To construct a Colpitts oscillator and to measure its output frequency.


Transistors, resistors, capacitors, inductance coil, dc power supply, C.R.O.

## THEORY

A Colpitts oscillator, invented in 1920 by American engineer Edwin H. Colpitts, is a device that generates oscillatory output (sinusoidal). It consists of an amplifier linked to an oscillatory circuit, also called LC circuit or tank circuit. One of the advantages of this circuit is its simplicity; it needs only a single inductor and widely used in commercial signal generators upto 100 MHz.

## Tank circuit

An LC circuit can store electrical energy oscillating at its resonant frequency. A capacitor stores energy in the electric field between its plates, depending on the voltage across it, and an inductor stores energy in its magnetic field, depending on the current through it.

If a charged capacitor is connected across an inductor, charge will start to flow through the inductor, building up a magnetic field around it, and reducing the voltage on the capacitor.

Eventually all the charge on the capacitor will be gone and the voltage across it will reach zero. However, the current will continue, because inductors resist changes in current, and energy to

keep it flowing is extracted from the magnetic field, which will begin to decline. The current will begin to charge the capacitor with a voltage of opposite polarity to its original charge. When themagnetic field is completely dissipated the current will stop and the charge will again be stored in the capacitor, with the opposite polarity as before. Then the cycle will begin again, with the current flowing in the opposite direction through the inductor.

The charge flows back and forth between the plates of the capacitor, through the inductor. The energy oscillates back and forth between the capacitor and the inductor until (if not replenished by power from an external circuit) internal resistance makes the oscillations die out. Its action, known mathematically as a harmonic oscillator, is similar to a pendulum swinging back and forth, or water sloshing back and forth in a tank. For this reason the circuit is also called a tank circuit. The oscillation frequency is determined by the capacitance and inductance values used. In typical tuned circuits in electronic equipment the oscillations are very fast, thousands to millions of times per second


A Colpitts oscillator is the electrical dual of a Hartley oscillator. Fig. 4 shows the basic Colpitts circuit, where two capacitors and one inductor determine the frequency of oscillation. The feedback needed for oscillation is taken from a voltage divider made of two capacitors, whereas in the Hartley oscillator the feedback is taken from a voltage divider made of two inductors (or a single, tapped inductor).

LC oscillators are designed to operate in the radio-frequency range, above 1 M Hz. However they can also be designed to produce oscillations in the low audio-frequency range. But for the low-frequency operation, the inductors used become very large in value and hence in physical size. Since Colpitt’s oscillator is a high frequency oscillator, its inductors will be in micro henries and capacitor in pF.

The circuit oscillates when the components are suitably selected to satisfy the Barkhausen criteria.

i.e.βA=+1(feedback factor must be unity).

Where A is the gain of the amplifying element and β is the transfer function of the feedback path, so βA is loop gain around the feedback loop of the circuit. Also there must be a positive feedback. i.e., the phase shift around the loop is zero or an integer multiple of 2π:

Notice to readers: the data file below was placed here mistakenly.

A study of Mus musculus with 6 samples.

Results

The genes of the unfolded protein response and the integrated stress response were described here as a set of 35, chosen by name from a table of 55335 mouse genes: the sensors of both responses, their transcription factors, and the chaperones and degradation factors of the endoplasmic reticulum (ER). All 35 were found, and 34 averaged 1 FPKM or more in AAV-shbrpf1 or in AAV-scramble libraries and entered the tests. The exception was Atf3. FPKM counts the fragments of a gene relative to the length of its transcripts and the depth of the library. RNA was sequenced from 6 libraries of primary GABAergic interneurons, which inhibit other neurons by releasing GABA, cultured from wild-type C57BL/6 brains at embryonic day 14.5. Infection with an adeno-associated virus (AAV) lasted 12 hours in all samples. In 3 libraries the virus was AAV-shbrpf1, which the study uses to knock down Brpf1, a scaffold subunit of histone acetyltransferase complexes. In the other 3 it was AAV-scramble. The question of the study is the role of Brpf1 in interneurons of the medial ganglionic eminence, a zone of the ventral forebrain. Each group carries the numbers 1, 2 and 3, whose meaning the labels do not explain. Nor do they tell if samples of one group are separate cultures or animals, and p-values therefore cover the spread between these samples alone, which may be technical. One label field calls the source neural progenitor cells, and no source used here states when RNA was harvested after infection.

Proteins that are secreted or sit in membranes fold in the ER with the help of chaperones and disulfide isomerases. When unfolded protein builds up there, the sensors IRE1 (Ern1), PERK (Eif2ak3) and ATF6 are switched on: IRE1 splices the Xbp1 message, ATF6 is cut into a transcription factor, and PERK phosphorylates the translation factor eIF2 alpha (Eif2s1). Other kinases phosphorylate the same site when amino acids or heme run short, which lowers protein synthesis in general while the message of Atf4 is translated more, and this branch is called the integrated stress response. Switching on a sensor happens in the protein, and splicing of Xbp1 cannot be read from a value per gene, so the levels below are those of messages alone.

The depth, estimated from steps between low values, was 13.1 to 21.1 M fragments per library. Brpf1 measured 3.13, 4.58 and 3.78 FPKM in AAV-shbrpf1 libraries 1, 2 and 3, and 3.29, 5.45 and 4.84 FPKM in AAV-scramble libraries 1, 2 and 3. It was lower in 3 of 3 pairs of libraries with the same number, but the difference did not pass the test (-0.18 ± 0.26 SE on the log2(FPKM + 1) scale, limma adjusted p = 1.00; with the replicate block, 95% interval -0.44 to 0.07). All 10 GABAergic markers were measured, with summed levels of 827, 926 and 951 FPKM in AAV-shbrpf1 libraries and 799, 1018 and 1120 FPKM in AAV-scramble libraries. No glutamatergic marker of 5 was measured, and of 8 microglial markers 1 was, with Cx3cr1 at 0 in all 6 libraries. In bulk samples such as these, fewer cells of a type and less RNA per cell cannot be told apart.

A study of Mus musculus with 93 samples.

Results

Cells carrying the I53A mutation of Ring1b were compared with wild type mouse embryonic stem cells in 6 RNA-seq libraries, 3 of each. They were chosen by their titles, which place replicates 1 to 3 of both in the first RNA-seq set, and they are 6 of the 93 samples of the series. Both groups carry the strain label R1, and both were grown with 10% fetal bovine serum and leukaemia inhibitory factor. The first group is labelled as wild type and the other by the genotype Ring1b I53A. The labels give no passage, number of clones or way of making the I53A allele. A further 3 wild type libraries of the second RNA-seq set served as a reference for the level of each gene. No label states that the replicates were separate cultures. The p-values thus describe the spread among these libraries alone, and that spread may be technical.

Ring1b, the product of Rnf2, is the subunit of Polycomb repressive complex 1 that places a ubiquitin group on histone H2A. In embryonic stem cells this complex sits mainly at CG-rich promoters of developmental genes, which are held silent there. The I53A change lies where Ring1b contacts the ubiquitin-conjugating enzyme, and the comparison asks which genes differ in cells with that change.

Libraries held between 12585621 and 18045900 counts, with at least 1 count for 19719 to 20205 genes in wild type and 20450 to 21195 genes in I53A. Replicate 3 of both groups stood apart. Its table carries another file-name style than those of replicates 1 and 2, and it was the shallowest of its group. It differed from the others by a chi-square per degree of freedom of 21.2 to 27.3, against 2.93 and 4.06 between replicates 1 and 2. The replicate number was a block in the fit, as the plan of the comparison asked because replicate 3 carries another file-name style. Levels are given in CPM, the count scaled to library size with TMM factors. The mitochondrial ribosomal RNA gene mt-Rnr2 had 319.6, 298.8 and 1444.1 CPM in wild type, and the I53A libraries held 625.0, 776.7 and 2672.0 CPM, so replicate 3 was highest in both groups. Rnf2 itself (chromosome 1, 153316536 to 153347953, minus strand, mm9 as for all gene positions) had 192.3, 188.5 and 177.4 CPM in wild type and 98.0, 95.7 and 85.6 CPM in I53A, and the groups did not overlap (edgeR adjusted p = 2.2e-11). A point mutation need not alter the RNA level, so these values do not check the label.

The frequency of oscillation is given by

Where C_{eq} is the effective capacitance of the capacitor C_{1} and C_{2}, given by

Colpitts Oscillator basically consists of a single stage inverting amplifier and an L-C phase shift network, as shown in the circuit diagram (Fig 4). The two series capacitors C_{1} and C_{2} form the potential divider used for providing the feedback voltage – the voltage developed across capacitor C_{2} provides the regenerative feedback required for sustained oscillations. Parallel combination of R_{E} and C_{E} along with resistors R_{1} and R_{2} provides the stabilized self bias. The collector supply voltage V_{cc} is applied to the collector through a resistance R_{C} which permits the flow of maximum current through the transistor. The presence of coupling capacitor C_{c} in the output circuit does not permit the dc currents to go to the tank circuit (the flow of dc current in a tank circuit reduces its Q). The output of the phase-shift L-C network is coupled from the junction of L and C_{2} to the amplifier input at base through coupling capacitor C_{C}, which blocks dc but provides path to ac. Transistor itself produces a phase shift of 180° and another phase shift of 180″ is provided by the capacitive feedback. Thus a total phase shift of 360° is obtained which is an essential condition for developing oscillations. The frequency is determined by the Tank circuit and is varied by gang-tuning the two capacitors C_{1 }and C_{2}. It is to be noted that capacitors C_{1} and C_{2} are ganged. As the tuning is varied, values of both capacitors vary simultaneously, the ratio of the two capacitances remaining the same

The oscillations across capacitor C_{2} are applied to the base-emitter junction and appear in the amplified form in the collector circuit. Of course, the amplified output in the collector circuit is of the same frequency as that of the oscillatory circuit. This amplified output in the collector circuit is supplied to the tank circuit In order to meet the losses. Thus the tank circuit is getting continuously energy from the circuit to make up for the losses occurring in it and, therefore, ensures undamped oscillations. The energy supplied to the tank circuit is of correct phase, as already explained and if Aβ exceeds unity, oscillations are sustained in the circuit.